Overall, the average risk of a woman in the United States developing breast cancer sometime in her life is about 13%. This means there is a 1 in 8 chance she will develop breast cancer. One of our Village members, Natalie, has personal experience with breast cancer and told her story below. We dedicate our classes this month to Natalie and all those affected by breast cancer as we work to bring awareness to it throughout October.
In April of 2021 I started noticing some pain and tenderness in my left breast, though I didn’t notice any lumps. I had met with my gynecologist years before for similar tenderness and was told it was most likely related to my cycle, so when I started experiencing it again I assumed it was probably the same issue. I monitored how I was feeling throughout the month of April and through two periods and I noticed that the pain and tenderness stayed consistent instead of coming and going with my period. I met with my gynecologist in early May and she reiterated that she thought everything felt okay, and she thought it was still probably cycle related, but she would order an ultrasound and mammogram to help ease my fears. Two weeks later I had my mammogram and as soon as they called me back a second time for additional pictures, I knew something was wrong.
On May 21, 2021, two weeks after my 34th birthday, I found out I had stage 2b, triple negative, invasive ductal carcinoma. With a seven-year-old and one-year-old at home I was in complete shock and absolutely terrified about the future. From the first visit with my care team, I was determined to be as aggressive as possible to defeat this disease so that I could be around for my babies as long as possible.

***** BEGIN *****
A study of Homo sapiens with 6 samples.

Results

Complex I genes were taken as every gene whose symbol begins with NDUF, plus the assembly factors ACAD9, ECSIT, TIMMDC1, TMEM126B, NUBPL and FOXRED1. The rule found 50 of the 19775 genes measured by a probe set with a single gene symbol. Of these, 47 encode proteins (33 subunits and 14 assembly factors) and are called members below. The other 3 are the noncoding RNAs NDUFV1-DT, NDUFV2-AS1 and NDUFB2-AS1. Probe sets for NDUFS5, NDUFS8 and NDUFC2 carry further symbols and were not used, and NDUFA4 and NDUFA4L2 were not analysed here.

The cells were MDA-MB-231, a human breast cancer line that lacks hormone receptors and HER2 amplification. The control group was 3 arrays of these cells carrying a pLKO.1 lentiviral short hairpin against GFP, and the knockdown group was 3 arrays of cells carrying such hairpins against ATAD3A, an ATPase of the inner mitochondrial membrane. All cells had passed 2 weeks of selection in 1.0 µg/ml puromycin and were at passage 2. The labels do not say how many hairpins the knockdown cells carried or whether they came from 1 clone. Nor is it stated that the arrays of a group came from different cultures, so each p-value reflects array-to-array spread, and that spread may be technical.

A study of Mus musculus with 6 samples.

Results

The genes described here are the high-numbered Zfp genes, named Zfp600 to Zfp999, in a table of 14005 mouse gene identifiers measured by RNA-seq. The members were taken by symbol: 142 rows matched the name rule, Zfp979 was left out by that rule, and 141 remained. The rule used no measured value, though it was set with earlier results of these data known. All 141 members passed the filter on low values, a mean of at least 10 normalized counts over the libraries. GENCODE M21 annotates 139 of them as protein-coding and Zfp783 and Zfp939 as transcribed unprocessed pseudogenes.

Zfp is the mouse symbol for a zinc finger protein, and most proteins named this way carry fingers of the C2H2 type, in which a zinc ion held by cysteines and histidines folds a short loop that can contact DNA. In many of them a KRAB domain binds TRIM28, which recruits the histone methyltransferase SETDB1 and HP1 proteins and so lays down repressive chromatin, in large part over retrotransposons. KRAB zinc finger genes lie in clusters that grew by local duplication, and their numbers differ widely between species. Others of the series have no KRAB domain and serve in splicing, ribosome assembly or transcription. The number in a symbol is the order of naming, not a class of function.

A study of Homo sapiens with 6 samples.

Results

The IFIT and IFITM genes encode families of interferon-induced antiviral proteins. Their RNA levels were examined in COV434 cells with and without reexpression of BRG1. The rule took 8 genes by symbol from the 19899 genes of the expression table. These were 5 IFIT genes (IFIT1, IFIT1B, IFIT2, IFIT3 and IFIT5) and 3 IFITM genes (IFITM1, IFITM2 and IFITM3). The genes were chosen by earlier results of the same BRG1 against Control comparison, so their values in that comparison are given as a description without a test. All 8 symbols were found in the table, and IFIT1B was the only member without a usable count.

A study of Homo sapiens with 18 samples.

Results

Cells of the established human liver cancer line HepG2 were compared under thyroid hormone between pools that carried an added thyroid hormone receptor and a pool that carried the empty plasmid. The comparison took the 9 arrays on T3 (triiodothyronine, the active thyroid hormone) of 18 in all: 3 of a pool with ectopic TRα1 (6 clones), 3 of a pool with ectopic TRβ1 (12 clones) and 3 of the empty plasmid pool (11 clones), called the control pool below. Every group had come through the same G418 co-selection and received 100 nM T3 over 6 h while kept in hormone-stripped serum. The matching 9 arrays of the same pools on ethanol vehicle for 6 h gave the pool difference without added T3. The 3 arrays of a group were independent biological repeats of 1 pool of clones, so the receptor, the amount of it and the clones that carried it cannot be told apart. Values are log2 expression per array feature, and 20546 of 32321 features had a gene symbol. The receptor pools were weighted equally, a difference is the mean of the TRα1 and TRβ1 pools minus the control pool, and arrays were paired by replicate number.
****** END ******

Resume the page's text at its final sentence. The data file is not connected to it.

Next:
Starting in June I embarked on a fifteen-month treatment journey, beginning with 16 rounds of intravenous chemotherapy. On November 29, 2021, I said, “Ta-Ta to my tatas” and I underwent a bilateral mastectomy. My care team determined that my surgeon had removed all traces of the tumor and that it had not spread to my lymph nodes! I was told that I would not need radiation, but with my desire to be as aggressive as possible, I decided that I wanted to move forward with 30 rounds of radiation. After completing radiation, I completed six months of an oral chemo pill.
I implore each of you to perform monthly breast checks, and to advocate for yourself if you ever notice something with your body that’s out of your norm. If I hadn’t made that appointment in May I wouldn’t have gone to my yearly checkup until October, I hate to think about what could’ve happened in those five months. According to statistics, even after all the treatment I received, my five-year survival rate is approximately 70%. If I hadn’t listened to my gut, I probably wouldn’t be here today.